The Man Behind the Egg Scandal
The Iowa attorney general called him a "habitual violator" of state laws.
Labor Secretary Robert Reich called his farms "atrocious."
A federal investigator said it was "inconceivable" he didn’t know his farms’ conditions.
Now, after decades of harming animals, workers and the environment, the Teflon Chicken Don, Austin "Jack" DeCoster, appears to be harming people.
So many eggs from egg farms he owns and egg laying chickens and feed from his supply operations have been implicated in the salmonella outbreak, the Commissioner of the FDA herself, Dr. Margaret Hamburg, was forced to make a statement.
Conditions on DeCoster owned egg farms have been in the news for years.
Maine Contract Farming, formerly the DeCoster Egg Farm, has a three decade-long complaint history from workers, neighbors, environmental officials, labor officials and humane workers.
In 1977 neighbors whose homes were infested with insects filed a $5 million lawsuit, claiming nose plugs and flyswatters should be the "new neighbor" kit.
In 1980, the DeCoster operation was charged with employing five 11-year-olds and a 9-year-old by the Labor department.
In 1988, 100,000 chickens burned to death in a fire and were left to decompose.
In 1992, DeCoster was charged by the state, with indenturing migrant workers, denying them contact with teachers, social workers, doctors, lawyers and labor organizers.
In 1996, federal investigators found DeCoster workers living in rat and cockroach infested housing and the egg operation was fined $3.6 million.
("The conditions in this migrant farm site are as dangerous and oppressive as any sweatshop we have seen,” said Labor Secretary Robert Reich; "I thought I was going to faint and I was only there a few minutes,” said Cesar Britos, an attorney representing DeCoster workers, after entering a barn.")
In 2001 dead hens intermingled with live ones during truck transport sparked a complaint to the Department of Agriculture.
Workers’ drinking water has been found contaminated with feces by OSHA and after a conciliatory "free" chicken banquet offered to workers, they were docked for their time eating it, reported the Portland Press Herald.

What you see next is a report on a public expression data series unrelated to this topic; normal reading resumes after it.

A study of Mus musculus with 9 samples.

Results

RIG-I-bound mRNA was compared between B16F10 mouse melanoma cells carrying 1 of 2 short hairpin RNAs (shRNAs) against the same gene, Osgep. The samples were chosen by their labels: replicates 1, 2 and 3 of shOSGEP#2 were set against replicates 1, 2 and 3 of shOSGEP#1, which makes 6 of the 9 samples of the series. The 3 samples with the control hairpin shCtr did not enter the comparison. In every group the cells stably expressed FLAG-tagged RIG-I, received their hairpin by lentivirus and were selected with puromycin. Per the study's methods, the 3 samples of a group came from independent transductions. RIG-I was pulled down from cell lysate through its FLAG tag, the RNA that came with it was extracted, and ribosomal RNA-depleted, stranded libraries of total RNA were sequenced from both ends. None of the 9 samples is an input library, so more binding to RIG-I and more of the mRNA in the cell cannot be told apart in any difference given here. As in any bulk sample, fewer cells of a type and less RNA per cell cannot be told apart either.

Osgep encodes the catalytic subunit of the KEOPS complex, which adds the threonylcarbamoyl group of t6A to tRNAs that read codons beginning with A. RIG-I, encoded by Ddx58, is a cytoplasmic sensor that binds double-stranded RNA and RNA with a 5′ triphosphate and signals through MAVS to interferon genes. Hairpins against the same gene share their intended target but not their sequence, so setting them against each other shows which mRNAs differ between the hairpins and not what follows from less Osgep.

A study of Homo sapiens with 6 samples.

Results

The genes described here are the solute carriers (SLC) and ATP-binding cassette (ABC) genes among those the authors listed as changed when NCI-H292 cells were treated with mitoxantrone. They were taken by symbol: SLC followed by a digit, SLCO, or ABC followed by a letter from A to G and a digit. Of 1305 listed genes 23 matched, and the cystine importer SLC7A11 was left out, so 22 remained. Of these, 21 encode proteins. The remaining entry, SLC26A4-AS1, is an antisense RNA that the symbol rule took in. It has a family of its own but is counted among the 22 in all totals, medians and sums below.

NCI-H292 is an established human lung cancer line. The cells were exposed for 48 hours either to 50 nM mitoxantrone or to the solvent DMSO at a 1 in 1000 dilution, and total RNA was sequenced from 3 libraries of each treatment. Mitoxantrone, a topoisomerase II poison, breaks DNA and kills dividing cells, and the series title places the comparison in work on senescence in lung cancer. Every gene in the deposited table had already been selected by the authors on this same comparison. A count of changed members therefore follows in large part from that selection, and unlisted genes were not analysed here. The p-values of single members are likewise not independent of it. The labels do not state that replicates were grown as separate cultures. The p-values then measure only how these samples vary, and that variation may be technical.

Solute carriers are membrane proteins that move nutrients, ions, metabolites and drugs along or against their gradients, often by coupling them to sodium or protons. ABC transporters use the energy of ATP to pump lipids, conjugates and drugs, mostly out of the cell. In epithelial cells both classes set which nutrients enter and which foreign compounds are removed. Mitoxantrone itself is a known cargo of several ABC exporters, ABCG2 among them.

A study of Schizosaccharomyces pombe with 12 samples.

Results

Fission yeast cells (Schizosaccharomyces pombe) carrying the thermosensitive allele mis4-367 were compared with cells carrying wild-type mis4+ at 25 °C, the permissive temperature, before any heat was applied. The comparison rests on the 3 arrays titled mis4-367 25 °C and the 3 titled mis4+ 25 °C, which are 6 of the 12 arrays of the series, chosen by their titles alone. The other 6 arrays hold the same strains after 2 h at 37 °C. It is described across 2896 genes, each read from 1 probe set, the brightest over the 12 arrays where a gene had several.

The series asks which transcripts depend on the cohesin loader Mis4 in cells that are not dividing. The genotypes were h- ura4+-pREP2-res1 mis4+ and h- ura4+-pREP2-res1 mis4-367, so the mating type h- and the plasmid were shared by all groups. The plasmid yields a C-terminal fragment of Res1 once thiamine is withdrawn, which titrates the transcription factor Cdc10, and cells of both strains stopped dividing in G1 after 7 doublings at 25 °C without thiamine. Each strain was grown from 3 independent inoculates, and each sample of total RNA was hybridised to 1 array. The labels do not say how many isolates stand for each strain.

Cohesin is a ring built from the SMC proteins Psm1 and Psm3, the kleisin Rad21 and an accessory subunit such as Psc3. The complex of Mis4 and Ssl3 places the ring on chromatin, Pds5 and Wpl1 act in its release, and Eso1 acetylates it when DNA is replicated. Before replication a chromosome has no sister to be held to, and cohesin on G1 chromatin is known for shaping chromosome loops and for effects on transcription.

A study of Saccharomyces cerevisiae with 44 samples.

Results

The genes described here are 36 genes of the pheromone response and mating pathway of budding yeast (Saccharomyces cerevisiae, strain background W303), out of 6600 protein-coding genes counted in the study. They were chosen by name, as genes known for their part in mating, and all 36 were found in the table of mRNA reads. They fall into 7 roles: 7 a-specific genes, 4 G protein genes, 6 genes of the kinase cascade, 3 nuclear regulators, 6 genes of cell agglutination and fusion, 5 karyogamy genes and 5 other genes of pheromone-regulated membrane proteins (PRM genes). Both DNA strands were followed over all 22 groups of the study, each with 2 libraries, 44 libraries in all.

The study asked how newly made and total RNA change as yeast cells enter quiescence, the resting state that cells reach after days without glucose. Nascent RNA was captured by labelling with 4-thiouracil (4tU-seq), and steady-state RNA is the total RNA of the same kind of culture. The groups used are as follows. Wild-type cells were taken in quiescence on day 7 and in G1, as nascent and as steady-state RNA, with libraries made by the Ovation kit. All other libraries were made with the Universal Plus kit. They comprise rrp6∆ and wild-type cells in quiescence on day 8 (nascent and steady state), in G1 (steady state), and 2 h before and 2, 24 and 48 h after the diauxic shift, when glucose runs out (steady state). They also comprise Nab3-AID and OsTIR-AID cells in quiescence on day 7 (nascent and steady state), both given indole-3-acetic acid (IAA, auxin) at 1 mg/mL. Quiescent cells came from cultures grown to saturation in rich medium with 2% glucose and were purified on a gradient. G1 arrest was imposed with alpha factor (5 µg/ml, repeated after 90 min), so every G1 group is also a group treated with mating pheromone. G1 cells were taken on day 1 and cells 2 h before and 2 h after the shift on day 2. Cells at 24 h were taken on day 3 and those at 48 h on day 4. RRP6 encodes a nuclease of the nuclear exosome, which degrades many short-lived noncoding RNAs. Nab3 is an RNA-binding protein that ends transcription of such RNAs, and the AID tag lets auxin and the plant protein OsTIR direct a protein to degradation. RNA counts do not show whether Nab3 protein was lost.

But Jack DeCoster, using Boston spinmeister George Regan for public relations, has always avoided criminal convictions and farm closures and even expanded his empire from egg farms in Maine to pig farms in Iowa in the 1990s.
Last year, state officials raided DeCoster’s Maine Contract Farming in Turner after being given undercover video from Chicago-based Mercy For Animals (MFA) showing hens suffocating in garbage cans, hens kicked into manure pits to drown and hens hanging by their feet half dead over egg conveyer belts.
For eight hours agriculture and state officials, including police troopers with a search warrant, documented conditions termed "deplorable, horrifying and upsetting" by state veterinarian Don Hoenig and removed dead and living hens for evidence.
Four Department of Agriculture workers were incapacitated from entering the ammonia filled barns and had to treated by doctors for burned lungs. OSHA launched an investigation. If humans became sick from a short time in the barns, imagine working — or living in a battery cage – there.
But eggs farms are only half the problem. Since male chicks are of no use to the egg industry, newly born males are ground up alive at hatcheries owned by DeCoster and others. Video shot by Mercy For Animals last year at Hy-Line Hatchery in Spencer, Iowa clearly shows healthy male chicks, peeping and bouncing as they greet the world, fed into the blades of the macerator like so much litter. Hello! Goodbye!
"I saw a bloody slush coming out of the bottom of the grinder," writes an MFA investigator, who worked in the Hy-Line "transfer room" and on the cleaning crew. "The plant manager told me that the ground-up male chicks were used in dog food and fertilizer."
Nor does the US trade group United Egg Producers deny the daily grinding up alive of baby males. "There is, unfortunately, no way to breed eggs that only produce female hens," spokesman Mitch Head told the Associated Press last year. "If someone has a need for 200 million male chicks, we’re happy to provide them to anyone who wants them. But we can find no market, no need."
As the salmonella egg scandal spreads, authorities say they are having a hard time tracing the egg industry’s "distribution chain" of which DeCoster is such a major part. That’s because when it only harmed animals, workers and the environment they let it run unregulated.
MARTHA ROSENBERG can be reached at: email@example.com.